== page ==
Over the last two weeks, I’ve had conversations with several people who experienced someone in leadership over them making a decision without gaining input from all parties involved. As you can imagine, these “unilateral decisions” frustrated those they led.

In one instance, a leader administered discipline to someone who never had a chance to tell her side of the story. In another, an employee discovered his leader was making decisions about the construction of a new building without consulting those who would ultimately be using the building.

I recently experienced a situation myself in which a leader was making a unilateral decision without all the facts. When I tried to offer a different view from his, he said, flatly, “I don’t care.”

It saddened me, not only because I want to help others make wise decisions, but because I’ve made similar mistakes myself. When people aren’t asked or permitted to share their views, they lose respect for their leader. Even worse, they begin to ask themselves, Why should I care?

It’s the exact opposite of what a great leader wants. If you are a leader or aspire to be, let me share some lessons I’ve learned over the years that may help you.

Unintended Consequences in Decision Making

I’m convinced that most unilateral decisions aren’t intentional on the part of leaders.  If you ask them about decision making, most of them will tell you it’s important to get the input of those impacted before a decision is made.  

Why does this happen, when it seems so obvious we should listen to others first? In my experience, these are a few of the many reasons:

  • Pressure – If a leader is under pressure and not feeling secure (real or imagined), most will want to assure the key decisions made are ones they agree with. The easiest way to control decision making is to be the one who makes the decisions.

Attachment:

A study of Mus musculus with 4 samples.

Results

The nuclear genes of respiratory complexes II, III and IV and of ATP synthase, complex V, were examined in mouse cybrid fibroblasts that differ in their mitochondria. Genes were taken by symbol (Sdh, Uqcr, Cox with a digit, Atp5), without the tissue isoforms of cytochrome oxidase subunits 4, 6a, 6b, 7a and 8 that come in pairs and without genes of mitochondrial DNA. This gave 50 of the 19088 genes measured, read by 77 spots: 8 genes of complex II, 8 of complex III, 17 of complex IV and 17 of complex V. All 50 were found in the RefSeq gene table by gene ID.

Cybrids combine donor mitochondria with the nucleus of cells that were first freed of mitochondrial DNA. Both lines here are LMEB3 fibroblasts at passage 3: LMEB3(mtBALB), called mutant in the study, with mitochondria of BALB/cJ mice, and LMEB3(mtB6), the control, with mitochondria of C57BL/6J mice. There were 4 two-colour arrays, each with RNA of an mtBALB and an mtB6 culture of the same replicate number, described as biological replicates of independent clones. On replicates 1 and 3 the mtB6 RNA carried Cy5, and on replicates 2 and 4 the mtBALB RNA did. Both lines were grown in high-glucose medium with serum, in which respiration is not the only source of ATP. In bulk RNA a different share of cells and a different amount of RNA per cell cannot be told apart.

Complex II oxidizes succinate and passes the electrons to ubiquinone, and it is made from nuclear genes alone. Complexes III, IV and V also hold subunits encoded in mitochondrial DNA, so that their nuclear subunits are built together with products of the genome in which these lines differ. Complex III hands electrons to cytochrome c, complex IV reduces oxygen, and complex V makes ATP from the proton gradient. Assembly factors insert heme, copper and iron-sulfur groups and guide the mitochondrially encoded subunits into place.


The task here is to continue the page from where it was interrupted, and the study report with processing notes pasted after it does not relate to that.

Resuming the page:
• “I know what’s best” – Leaders often think they know what the best decision is. They listen, but not how you or I want them to listen. It’s more of a courtesy. Then, they make the decision they wanted to make all along. 
  • “I don’t have time” – Leaders are very busy. Sometimes, though they know better, they feel pressured to hurry and make a decision and don’t want to take the time necessary to seek out input.
  • Don’t ask, don’t say “no” – I worked for a CEO many years ago who said to me once, “If I don’t ask people, then I won’t have to say no.”

Leaders: what’s important to remember in decision making? 

Remember the decisions you make are not about you. Decisions are about determining what is best for others. Scripture reminds us, “Do nothing out of selfish ambition or vain conceit. Rather, in humility value others above yourselves, not looking to your own interests but each of you to the interests of the others.”(Philippians 2:3-4 NIV)

Asking for input is a sign of respect for others. Yes, when you ask people for their thoughts, you risk learning something you didn’t expect. This new information can impact your timeline or projected costs. But those very ideas might help you make a better decision.

Leaders: please listen first, then make your decision.

I want to learn from you! Have you ever made a unilateral decision that affected those who reported to you? What advice would you give to your younger self?